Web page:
Most people think the fancy cupolas on top of old barns are just ornamental decorations. Collector Richard Mayers knows that these amazing pieces of architecture had a job to do - efficiently ventilating buildings and drying hay.
    “It’s amazing how well they worked without using electricity. I want to preserve as many as I can,” he says, standing amid cupolas scattered around his Albany, Minn., homestead.
    “When farmers first started installing them on barns, it was because they didn’t have the equipment needed to dry hay in the field. It was often loaded into barns when it was still too moist,” Mayers says.
    The barrel of a cupola acts like a vacuum that sucks moisture and air out of the hay stored in the barn’s loft. The taller it is the greater the drawing power. Some barns needed as many as 4 cupolas to get adequate ventilation. They were eventually replaced with electrical ventilation systems, though some architects add them to new barns and homes for architectural design and sometimes function.
    Mayers has collected cupolas for 35 years after attending an auction where a $22 bid won two cupolas. At first he thought it was too much, but then recognized their historic significance, artistic designs, and that few people collect them. Since then he’s become a cupola advocate, paid up to $400 for one and bought, fixed up and sold many. For example, he sold 16 cupolas including 3 identical 12-ft. King cupolas to an Upper Michigan customer setting up a Pioneer Village on a farm with eight barns.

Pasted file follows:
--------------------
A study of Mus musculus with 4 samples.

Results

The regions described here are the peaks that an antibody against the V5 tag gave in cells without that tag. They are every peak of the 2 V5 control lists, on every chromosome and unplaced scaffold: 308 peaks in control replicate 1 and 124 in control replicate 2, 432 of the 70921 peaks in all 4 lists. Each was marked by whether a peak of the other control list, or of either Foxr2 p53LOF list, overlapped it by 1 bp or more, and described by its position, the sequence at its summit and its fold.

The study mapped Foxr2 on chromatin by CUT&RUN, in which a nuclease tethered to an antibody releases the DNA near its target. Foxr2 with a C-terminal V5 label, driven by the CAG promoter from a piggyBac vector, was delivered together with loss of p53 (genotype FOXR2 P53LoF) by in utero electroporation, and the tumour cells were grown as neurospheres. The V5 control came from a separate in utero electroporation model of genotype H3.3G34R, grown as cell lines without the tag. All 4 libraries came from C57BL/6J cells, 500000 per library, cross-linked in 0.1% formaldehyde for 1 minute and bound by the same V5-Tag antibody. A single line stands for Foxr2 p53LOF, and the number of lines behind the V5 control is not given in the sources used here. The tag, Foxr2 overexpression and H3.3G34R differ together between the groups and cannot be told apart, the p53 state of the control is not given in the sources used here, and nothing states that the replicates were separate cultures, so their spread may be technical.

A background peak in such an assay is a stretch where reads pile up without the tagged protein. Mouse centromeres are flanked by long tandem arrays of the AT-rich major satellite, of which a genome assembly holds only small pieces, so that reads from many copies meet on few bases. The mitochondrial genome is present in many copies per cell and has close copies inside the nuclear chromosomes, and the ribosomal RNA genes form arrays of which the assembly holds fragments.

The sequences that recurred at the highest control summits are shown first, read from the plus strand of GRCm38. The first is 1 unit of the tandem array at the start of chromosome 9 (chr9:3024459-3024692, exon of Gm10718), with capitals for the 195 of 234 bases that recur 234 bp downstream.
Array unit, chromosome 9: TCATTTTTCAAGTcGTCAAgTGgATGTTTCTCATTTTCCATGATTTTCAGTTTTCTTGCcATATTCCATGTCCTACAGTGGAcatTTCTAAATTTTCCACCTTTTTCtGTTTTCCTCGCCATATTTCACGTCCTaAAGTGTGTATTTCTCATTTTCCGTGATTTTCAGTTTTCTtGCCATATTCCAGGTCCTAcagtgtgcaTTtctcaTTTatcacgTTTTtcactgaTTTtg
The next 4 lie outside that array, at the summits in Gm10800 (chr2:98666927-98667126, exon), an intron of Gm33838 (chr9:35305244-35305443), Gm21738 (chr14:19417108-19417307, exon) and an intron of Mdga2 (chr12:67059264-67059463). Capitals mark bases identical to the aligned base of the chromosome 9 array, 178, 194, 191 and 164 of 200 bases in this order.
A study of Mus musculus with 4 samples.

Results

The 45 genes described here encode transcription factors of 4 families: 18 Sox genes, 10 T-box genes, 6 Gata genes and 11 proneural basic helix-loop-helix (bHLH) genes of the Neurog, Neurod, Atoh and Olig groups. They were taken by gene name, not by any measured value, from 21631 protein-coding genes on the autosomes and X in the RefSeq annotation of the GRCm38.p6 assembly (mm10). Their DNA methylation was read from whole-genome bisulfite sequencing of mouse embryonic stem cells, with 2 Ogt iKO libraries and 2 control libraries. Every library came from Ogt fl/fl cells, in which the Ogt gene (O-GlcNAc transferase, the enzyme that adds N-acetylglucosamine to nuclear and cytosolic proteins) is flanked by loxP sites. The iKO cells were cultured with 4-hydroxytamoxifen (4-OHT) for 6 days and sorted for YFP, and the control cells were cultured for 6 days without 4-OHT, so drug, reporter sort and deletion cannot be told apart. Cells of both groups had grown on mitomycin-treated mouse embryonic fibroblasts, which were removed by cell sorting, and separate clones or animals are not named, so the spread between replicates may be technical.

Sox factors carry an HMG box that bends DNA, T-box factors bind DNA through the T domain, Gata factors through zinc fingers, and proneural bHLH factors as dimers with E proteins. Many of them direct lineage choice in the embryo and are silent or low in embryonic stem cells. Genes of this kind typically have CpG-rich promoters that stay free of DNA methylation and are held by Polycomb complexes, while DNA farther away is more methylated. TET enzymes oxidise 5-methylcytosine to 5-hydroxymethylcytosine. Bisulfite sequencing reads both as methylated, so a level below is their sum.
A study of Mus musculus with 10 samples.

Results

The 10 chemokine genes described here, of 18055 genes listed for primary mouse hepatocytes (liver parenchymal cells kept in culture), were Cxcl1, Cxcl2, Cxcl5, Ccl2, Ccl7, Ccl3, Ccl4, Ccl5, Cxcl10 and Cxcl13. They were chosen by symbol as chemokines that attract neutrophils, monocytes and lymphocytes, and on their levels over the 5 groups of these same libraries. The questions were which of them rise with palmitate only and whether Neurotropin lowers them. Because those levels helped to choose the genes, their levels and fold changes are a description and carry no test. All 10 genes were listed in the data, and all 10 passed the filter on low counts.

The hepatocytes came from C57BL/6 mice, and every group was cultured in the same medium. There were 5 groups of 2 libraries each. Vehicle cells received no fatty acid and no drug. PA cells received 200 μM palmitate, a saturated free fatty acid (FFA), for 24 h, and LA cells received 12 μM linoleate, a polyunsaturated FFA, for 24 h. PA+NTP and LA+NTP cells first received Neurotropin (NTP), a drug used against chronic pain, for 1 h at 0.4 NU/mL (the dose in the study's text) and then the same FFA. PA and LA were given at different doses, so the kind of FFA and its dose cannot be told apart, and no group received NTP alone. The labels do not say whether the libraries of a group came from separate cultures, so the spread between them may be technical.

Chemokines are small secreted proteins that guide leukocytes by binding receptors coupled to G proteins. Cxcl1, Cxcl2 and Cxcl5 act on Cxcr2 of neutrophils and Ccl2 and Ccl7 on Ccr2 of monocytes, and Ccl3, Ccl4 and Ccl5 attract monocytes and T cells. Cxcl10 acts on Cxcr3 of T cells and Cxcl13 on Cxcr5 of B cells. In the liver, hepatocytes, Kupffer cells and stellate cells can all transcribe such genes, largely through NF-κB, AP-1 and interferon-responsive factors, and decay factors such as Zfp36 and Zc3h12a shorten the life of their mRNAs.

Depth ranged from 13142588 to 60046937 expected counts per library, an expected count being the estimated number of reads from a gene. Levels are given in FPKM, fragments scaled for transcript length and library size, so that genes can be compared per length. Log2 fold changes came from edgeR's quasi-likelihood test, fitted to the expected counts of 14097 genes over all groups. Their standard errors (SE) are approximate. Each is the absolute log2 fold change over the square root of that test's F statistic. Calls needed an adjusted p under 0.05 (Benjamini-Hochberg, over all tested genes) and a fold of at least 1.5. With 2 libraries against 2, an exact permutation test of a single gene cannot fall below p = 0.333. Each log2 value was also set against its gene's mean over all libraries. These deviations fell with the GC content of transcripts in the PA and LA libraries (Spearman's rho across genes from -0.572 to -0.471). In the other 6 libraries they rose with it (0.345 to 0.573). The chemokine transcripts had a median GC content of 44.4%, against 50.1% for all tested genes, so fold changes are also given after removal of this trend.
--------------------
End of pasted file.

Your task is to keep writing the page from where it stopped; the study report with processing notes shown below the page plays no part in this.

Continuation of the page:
Mayers currently has about 50 cupolas including his biggest one - a 13 1/2 ft. LaCrosse cupola that was part of collection of weathervanes, lightning rods and two other cupolas he purchased. Some cupolas were purchased with sweat equity, like the one he and helpers chopped out with axes after a barn collapsed in a snowstorm. It was a lot of work, but it was worth saving the cupolas from being burned with the barn, Mayers says.
    In taking down metal and wooden cupolas he learned firsthand how they were installed. Cheaper ones were cut to the right angle by carpenters and installed on the roof before it was shingled. Better-built cupolas were fit into the barn rafters. That made them sturdier in the wind, but harder to remove.
    He invites folks interested in cupolas to contact him.
    Contact: FARM SHOW Followup, Richard Mayers, Albany, Minn. (ph 320 845-2526; 320 333-2526 cell; weathervane@albanytel.com).